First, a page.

A BC-based company is developing a one-minute COVID-19 antibody test to help broaden the extent of Canada’s testing capabilities.
bioLytical Laboratories has received $633,000 in federal funding from the National Research Council of Canada Industrial Research Assistance Program (NRC IRAP) to develop, optimize, and produce a one-minute COVID-19 antibody test.
The company said these point-of-care testing kits will look for antibodies to SARS-CoV-2, the virus that causes coronavirus, using bioLytical’s proprietary INSTI platform, an innovative testing technology that detects antibodies within 60 seconds from a single drop of blood.
No need for swabs
The main differences between what the current COVID-19 swab tests do and bioLytical’s technology are the tools used and execution.
“[Swabs] are testing for the presence of the virus itself. Also, swabs are in short supply and they aren’t able to do as many tests,” said Michelle Zaharik, chief scientific officer at bioLytical. “We don’t use anything like swabs and we provide all the materials in one pouch. Everything you need to run the test is in that one pouch and nothing is in short supply for that test.”
Unlike the current COVID-19 swab tests, the Canadian-made INSTI test is also testing for antibodies so that medical professionals will know if a patient has developed an immune response to the virus.
“By testing for antibodies, it helps to provide a true extent of COVID-19 infections in the general population,” Zaharik said. “Those other tests test for the virus itself. Once you’ve cleared the infection, they show up negative, and you have no idea if you were infected or not.”
If someone had already recovered from COVID-19 or were asymptomatic, Zaharik said a person could have cleared the virus and had no real idea that they were ever infected.
“If we bring in antibodies to COVID-19, then we can test you weeks or months later, and we would be able to tell how many people were infected.”
What testing would look like
Zaharik said testing for COVID-19 antibodies would be less invasive than the current swab test and be similar to the INSTI HIV antibody tests that are used by hospitals, departments of health, physicians, pharmacists, community-based organizations, and other care facilities.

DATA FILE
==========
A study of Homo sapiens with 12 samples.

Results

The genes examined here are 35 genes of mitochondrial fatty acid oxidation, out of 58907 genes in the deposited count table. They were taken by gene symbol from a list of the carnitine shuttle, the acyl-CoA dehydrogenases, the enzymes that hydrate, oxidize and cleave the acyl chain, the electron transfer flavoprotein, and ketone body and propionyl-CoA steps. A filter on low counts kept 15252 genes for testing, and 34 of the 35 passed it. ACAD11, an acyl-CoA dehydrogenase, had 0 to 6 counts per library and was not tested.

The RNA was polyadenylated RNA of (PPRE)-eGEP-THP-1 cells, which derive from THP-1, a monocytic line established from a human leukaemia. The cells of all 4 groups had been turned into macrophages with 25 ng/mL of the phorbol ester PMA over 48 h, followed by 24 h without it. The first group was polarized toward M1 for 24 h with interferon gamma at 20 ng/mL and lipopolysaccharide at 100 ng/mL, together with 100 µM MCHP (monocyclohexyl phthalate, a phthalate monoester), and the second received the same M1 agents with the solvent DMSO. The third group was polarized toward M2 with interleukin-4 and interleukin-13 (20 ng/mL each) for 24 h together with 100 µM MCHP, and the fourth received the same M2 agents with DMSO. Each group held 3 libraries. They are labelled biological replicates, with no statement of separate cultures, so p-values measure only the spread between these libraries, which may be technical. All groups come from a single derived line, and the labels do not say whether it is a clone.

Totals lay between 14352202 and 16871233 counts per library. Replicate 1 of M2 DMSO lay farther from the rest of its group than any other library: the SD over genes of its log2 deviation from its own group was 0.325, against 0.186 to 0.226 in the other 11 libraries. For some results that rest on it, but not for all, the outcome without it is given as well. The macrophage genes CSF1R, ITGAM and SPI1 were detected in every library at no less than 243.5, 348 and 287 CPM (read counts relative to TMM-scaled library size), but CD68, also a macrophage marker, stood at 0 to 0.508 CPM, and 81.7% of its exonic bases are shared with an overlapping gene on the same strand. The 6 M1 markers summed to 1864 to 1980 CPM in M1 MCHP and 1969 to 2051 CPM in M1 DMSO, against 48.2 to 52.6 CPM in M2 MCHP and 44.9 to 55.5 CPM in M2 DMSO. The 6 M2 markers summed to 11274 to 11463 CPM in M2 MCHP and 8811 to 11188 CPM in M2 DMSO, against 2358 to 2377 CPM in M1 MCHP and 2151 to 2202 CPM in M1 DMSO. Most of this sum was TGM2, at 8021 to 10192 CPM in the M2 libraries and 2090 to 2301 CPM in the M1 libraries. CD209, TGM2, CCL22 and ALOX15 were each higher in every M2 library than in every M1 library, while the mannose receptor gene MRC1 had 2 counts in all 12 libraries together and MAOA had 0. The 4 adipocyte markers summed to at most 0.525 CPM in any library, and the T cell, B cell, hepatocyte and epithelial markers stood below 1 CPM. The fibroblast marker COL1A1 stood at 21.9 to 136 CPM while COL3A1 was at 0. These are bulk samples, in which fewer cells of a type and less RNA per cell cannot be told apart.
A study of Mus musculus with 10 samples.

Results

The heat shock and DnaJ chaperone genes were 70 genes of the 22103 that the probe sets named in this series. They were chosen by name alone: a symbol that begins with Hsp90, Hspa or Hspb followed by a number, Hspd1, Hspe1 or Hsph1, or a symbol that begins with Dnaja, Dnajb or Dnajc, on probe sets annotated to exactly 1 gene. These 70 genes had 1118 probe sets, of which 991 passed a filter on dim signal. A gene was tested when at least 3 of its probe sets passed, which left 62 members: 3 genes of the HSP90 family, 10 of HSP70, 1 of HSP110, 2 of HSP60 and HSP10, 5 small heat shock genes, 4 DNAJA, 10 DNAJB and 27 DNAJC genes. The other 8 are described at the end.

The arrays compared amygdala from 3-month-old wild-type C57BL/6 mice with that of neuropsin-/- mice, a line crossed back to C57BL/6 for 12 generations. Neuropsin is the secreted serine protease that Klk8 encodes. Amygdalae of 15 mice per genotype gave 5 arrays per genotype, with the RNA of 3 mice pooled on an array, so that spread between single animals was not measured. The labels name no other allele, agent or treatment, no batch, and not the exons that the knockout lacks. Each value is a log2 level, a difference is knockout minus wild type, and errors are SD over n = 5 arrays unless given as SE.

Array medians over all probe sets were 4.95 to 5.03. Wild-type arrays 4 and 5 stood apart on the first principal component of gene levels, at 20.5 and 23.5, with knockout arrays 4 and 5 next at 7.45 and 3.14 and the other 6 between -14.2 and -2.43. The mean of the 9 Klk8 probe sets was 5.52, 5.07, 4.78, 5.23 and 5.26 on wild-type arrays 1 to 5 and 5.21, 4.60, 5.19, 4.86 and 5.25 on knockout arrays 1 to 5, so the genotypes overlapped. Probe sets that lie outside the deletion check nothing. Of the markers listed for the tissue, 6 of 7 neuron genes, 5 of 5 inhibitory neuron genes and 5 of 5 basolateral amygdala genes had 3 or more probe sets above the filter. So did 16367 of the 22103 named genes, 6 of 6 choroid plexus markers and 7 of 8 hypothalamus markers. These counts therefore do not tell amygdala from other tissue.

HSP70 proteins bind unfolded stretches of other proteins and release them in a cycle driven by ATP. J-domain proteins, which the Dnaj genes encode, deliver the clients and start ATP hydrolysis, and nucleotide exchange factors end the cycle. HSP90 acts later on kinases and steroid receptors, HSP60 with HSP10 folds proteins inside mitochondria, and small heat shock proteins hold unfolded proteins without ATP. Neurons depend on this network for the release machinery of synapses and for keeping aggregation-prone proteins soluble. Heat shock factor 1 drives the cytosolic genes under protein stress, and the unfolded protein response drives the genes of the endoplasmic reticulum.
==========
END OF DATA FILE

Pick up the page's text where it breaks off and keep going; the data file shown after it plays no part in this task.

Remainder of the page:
“It’s simple and easy to use, and people in a doctor’s office can use it. Somebody would use a lancet, like what diabetics use to prick their finger to check their blood sugar every day. They’d squeeze that finger to get one, good-flowing drop of blood, and you would put that in one of our solution bottles,” she said.
The solution and blood would be mixed and applied to the membrane unit. Then, the antibodies to HIV, if the patient has been infected, are now able to bind to an HIV protein that bioLytical has put onto that membrane. The antibodies are now stuck on that membrane. The next step is to apply a second solution that has a blue dye in it. The dye is specifically engineered to bind to any antibodies present on that membrane. There is also a third control solution that washes away any background, as there are always antibodies circulating in the blood stream.
“So, if you don’t have any HIV antibodies, you will not get a positive HIV test dot. The membrane will be blank at that one location, but if you do have antibodies to HIV, that blue dot will show up. You’re able to, within one minute, from that one little finger stick, find out if you have antibodies in your bloodstream for HIV. We are using the same methodology and we’re just adapting it [for] COVID-19,” said Zaharik.
- See also:
Antibody test best suited for long-term testing
As an antibody test, the INSTI test for COVID-19 can become an important part of the testing strategy to combat the virus. Zaharik said going forward the tests can be used to monitor the population.
“You get your test result within one minute and there is no waiting around for a test to come back from the lab. Experts can now make really fast and informed decisions to protect the health and well being of our communities.”
Zaharik said while the process is fairly long, the company is moving as fast as possible.
“Canadians need this test now,” she said. “We really want to be able to get our product out on the market and really help in dealing with this pandemic.”